During a special meeting of the Northern Wyoming Community College District board of trustees Wednesday night, Campbell County residents presented a short-term, privately funded solution to keep …
During a special meeting of the Northern Wyoming Community College District board of trustees Wednesday night, Campbell County residents presented a short-term, privately funded solution to keep sports and the Energy City Voices going through the next school year, with hopes of coming up with a permanent solution in the meantime.
A few hundred supporters of Gillette College, including student-athletes, coaches, parents and legislators, made the 100-mile drive to Sheridan College to attend the meeting. But in the end, the board of trustees approved the district’s fiscal year 2021 budget without considering Gillette’s solution.
It means that this fall, Gillette College won’t have a basketball team or a soccer team.
Gillette and Campbell County officials and residents went to the meeting to make their voices heard, but they left the meeting feeling as though no one was listening.
“I think the whole thing was really a big dog and pony show,” Commissioner Rusty Bell said Thursday morning. “It was pretty apparent that they had their minds made up, and they just put on a show.”
“We had a solution that we could save this part of our school, and it helps the whole district,” said Mayor Louise Carter-King. “They had their minds made up. We wasted our time.”
On June 25, the district announced that all sports programs at both Gillette and Sheridan colleges, save for rodeo, would be cut.
District President Walt Tribley said Wednesday the current funding model for the athletics programs was not fiscally sustainable during these economic times. He said athletics could come back to the two schools at some point, but in a different form.
Dave Horning, president of the Gillette College Foundation board, told district trustees that the foundation’s board came up with a solution: It committed to provide the money necessary to save and continue the athletic programs and the Energy City Voices through fiscal year 2020-2021, he said.
The foundation, along with private donations, would raise $532,407 — enough to pay salaries and benefits for Gillette College coaches, restore the Gillette College rodeo coach to full-time status and pay program expenses as they’re incurred for one year.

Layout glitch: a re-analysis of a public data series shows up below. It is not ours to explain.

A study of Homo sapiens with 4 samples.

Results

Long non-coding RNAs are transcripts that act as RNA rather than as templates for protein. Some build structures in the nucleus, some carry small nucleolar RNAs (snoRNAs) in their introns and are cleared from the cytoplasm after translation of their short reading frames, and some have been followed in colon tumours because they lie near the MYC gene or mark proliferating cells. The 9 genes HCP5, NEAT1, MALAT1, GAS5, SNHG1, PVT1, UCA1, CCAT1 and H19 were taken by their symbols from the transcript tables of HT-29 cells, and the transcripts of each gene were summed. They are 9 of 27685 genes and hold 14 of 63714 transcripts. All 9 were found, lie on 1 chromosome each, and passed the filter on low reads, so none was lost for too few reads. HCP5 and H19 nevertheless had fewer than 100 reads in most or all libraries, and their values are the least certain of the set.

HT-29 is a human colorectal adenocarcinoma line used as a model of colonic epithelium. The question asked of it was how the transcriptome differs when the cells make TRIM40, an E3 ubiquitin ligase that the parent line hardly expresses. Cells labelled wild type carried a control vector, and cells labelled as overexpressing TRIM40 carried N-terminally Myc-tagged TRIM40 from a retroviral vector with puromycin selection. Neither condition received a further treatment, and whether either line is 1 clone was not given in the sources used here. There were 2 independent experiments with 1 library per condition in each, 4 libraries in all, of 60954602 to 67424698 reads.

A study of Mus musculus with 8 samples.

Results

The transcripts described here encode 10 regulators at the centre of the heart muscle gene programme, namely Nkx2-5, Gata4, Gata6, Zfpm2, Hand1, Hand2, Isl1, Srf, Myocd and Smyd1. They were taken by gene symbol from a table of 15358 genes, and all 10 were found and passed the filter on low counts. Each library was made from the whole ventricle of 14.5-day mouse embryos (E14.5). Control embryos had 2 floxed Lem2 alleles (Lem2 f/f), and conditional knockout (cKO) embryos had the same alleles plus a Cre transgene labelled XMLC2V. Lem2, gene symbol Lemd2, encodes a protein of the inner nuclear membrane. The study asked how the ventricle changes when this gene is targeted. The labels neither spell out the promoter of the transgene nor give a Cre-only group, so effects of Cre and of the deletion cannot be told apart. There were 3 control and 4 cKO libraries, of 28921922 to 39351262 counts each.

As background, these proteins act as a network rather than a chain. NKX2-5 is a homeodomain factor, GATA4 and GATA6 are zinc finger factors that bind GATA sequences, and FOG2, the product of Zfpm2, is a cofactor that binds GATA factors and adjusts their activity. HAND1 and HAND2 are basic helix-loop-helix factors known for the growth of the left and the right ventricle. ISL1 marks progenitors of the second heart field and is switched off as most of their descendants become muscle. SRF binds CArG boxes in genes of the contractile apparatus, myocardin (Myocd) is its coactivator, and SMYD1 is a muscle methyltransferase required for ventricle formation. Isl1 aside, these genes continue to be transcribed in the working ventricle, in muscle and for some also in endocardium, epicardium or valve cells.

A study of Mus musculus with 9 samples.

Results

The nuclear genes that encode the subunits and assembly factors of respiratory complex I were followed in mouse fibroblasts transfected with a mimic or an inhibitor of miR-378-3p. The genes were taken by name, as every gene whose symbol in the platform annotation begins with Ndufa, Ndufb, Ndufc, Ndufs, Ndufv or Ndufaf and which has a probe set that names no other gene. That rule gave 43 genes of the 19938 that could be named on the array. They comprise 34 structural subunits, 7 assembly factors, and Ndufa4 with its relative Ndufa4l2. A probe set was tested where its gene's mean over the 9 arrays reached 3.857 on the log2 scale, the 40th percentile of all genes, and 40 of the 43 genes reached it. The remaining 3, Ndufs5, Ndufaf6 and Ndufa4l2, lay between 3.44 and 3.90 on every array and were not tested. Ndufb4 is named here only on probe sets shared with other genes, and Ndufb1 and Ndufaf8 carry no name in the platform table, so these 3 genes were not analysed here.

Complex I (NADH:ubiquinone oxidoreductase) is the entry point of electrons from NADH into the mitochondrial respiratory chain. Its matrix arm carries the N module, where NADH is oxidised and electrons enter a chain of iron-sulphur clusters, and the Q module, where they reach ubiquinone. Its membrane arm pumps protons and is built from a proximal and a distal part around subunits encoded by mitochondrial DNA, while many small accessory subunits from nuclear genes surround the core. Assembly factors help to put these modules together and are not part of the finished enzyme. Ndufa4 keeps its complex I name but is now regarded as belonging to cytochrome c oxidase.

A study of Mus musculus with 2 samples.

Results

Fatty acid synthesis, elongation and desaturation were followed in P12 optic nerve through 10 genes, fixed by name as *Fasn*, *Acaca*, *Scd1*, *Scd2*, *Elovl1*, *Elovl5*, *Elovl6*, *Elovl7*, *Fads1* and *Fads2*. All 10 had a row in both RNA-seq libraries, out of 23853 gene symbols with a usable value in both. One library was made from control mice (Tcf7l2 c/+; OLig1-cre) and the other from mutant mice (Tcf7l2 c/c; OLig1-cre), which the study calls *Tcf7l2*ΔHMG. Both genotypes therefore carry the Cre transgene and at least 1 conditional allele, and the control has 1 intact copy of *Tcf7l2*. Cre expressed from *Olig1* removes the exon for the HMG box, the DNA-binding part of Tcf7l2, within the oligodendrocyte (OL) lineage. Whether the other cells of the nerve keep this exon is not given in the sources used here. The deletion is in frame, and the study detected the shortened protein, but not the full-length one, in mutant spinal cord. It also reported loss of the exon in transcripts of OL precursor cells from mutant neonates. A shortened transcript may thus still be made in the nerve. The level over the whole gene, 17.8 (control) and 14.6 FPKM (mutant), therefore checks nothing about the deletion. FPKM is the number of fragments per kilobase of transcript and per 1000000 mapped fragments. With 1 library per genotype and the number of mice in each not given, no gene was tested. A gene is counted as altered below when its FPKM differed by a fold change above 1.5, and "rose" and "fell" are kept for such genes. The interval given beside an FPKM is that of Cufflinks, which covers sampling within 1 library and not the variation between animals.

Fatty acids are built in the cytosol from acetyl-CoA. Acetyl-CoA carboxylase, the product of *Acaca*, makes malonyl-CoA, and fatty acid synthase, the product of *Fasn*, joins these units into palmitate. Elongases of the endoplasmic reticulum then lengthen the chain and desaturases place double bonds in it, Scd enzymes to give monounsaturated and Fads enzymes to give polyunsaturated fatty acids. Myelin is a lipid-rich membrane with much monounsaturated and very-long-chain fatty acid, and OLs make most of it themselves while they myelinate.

“The question is not can we succeed with this proposal. The question is will you allow us to succeed by accepting this proposal?” Horning asked.
The answer to that question was a unanimous “no.” Bell asked the board to make a motion to accept the proposal. But after nearly three hours and comments from 36 people, the board did not even consider it.
Trustee Norleen Healy said she was “very moved” by the people who spoke Wednesday night.
“When hard, hard choices have to be made, I have to choose academics and education over all else,” she said. “We are a college, and that’s what we have to do.”
“It’s a tough decision right now, but I see no other options,” said trustee Gary Koltiska.
Some of the trustees had a problem with the proposal because it only addressed Gillette’s athletics and not Sheridan’s.
“I cannot support a solution that is only partial for a district, and a solution that is not sustainable,” said trustee Debra Wendtland.
Board chairman Walt Wragge asked Gillette residents to think bigger than just Campbell County.
“Our purpose here tonight is, what is best for all students in the district? As I listened, I heard many proposals coming from Gillette,” he said. “You spoke very well and I commend you for that. But it just does not speak well for the district.”
“What we need to do is find solutions for the entire district, and not just for one entity,” he added.
Bell told the district board Wednesday that Gillette is looking at all of its options “including exiting and creating our own district. We don’t have a choice. We don’t have a seat at your table.”
The process already has been started to get a petition from Wyoming Community College Commission to create a new district for Gillette.
At least one trustee acknowledged that Gillette College could potentially leave the longtime partnership.
“We know there may be a time when Gillette decides they need to leave the district,” Wendtland said. “I hope it’s not now, but if it is, it’s been a pleasure.”